Week in Review

Wall St. Pundits, pollsters and the mainstream media got it wrong!! Donald Trump was not supposed to win the 2016 presidential election and, if he did, markets would roll back by 5%-10% in its aftermath. However, following a Trump victory – along with a solid Republican Congress – equities in the U.S. rose nearly 4% on the week. The Dow Industrials had its best week since 2011 and set a new all-time high closing up 5.4% to 18,848. Gains were concentrated primarily in financial stocks (looking for a reprieve from over-regulation); industrials, which will benefit from a perceived growing economy, defense spending and investment in infrastructure projects; and healthcare, with a less likelihood of price controls on drugs. Transportation stocks, led by road and rails, were in the green by nearly 6.25%. Hospital stocks, however, retreated as Obamacare will be one of Trump’s first fixes, but healthcare insurance stocks soared. Utilities fell 3.5% on inflation fears and more interest rate hikes in 2017 and safe-haven telecoms didn’t do much better. Despite a drop in oil prices, energy related stocks moved ahead by 2.5%, including pipeline MLPs. Solar and other renewable energy plays, however, gave back nearly 5% on the week.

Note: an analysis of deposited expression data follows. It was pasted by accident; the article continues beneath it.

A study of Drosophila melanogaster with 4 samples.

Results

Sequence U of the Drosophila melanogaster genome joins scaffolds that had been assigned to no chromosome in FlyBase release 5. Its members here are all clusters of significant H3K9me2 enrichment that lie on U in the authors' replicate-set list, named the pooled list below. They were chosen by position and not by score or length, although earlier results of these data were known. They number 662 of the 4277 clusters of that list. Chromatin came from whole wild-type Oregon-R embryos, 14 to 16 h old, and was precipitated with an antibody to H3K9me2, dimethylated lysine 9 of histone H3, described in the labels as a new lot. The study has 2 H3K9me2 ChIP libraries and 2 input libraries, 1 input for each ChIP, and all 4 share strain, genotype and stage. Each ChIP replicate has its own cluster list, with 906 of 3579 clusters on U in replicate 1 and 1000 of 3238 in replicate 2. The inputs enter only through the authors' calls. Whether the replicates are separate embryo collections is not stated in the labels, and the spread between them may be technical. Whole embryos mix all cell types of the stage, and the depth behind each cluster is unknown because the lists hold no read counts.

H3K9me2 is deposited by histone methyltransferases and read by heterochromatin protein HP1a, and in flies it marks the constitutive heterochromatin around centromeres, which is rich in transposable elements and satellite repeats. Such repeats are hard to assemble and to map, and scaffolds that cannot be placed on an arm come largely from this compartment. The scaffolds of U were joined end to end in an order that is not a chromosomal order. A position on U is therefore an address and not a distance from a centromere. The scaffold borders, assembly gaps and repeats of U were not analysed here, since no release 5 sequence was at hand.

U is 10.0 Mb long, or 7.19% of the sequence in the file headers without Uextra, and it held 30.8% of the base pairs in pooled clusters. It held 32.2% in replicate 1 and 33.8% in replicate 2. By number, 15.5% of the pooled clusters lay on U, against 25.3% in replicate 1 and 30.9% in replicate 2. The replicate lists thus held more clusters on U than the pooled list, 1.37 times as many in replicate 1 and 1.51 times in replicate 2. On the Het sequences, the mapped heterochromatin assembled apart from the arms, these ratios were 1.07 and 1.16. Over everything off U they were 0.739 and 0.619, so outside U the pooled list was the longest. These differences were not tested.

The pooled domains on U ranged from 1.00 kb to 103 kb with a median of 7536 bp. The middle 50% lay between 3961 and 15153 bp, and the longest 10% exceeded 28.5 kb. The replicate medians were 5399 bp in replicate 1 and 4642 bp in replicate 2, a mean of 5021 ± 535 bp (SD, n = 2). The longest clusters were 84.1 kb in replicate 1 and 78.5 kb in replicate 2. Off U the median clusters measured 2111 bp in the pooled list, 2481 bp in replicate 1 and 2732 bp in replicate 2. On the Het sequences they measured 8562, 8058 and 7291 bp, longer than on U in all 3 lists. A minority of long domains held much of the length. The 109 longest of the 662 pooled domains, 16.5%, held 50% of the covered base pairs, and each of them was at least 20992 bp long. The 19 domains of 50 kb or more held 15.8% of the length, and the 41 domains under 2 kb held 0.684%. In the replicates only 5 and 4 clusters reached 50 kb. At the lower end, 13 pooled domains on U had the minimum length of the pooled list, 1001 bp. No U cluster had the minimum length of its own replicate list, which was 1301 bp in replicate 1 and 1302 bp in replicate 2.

The yield on the 10-year U.S. treasury climbed 20 basis points on Wednesday sending bond prices lower and the yield on the U.S. 30-year surged 33 basis points finishing the week at 2.95%, its highest level since early January. The dollar soared over the past three days, as well. Gold, which was up in the early stages of the election returns, made an about-face and gave up 6.5% from its highs to close at $1,227.13. Now, with the election in the books and the economy seemingly on the mend, the case for a December rate hike is building, assuming a degree of stability persists in the financial markets.

       On the earnings front, retailers will be pouring in results including aggressive choice Foot Locker with a consensus estimate for the third quarter of $1.10 vs. $1.00 a year ago and Applied Materials ($0.65 compared to $0.29 in last year’s fourth quarter) will report on Thursday. Fierce rallies come and go. The weeks ahead will be quite volatile to say the least as investors assess the longer-term effects of new initiatives, policies and tax proposals. Prospects for equities are still decent, especially if investors can focus on the fundamentals.

Trivia Here is the answer to last week’s trivia question: Berkshire Hathaway owns which American paint company? Olympic, Behr, Benjamin Moore or Dutch Boy. Answer: Benjamin Moore.

Today’s Trivia Question: Netscape Communications, provider of the once No. 1 Internet browser Netscape Navigator, is now owned by? AOL/Verizon, Mozilla Foundation, Alphabet (Google) or Red Hat.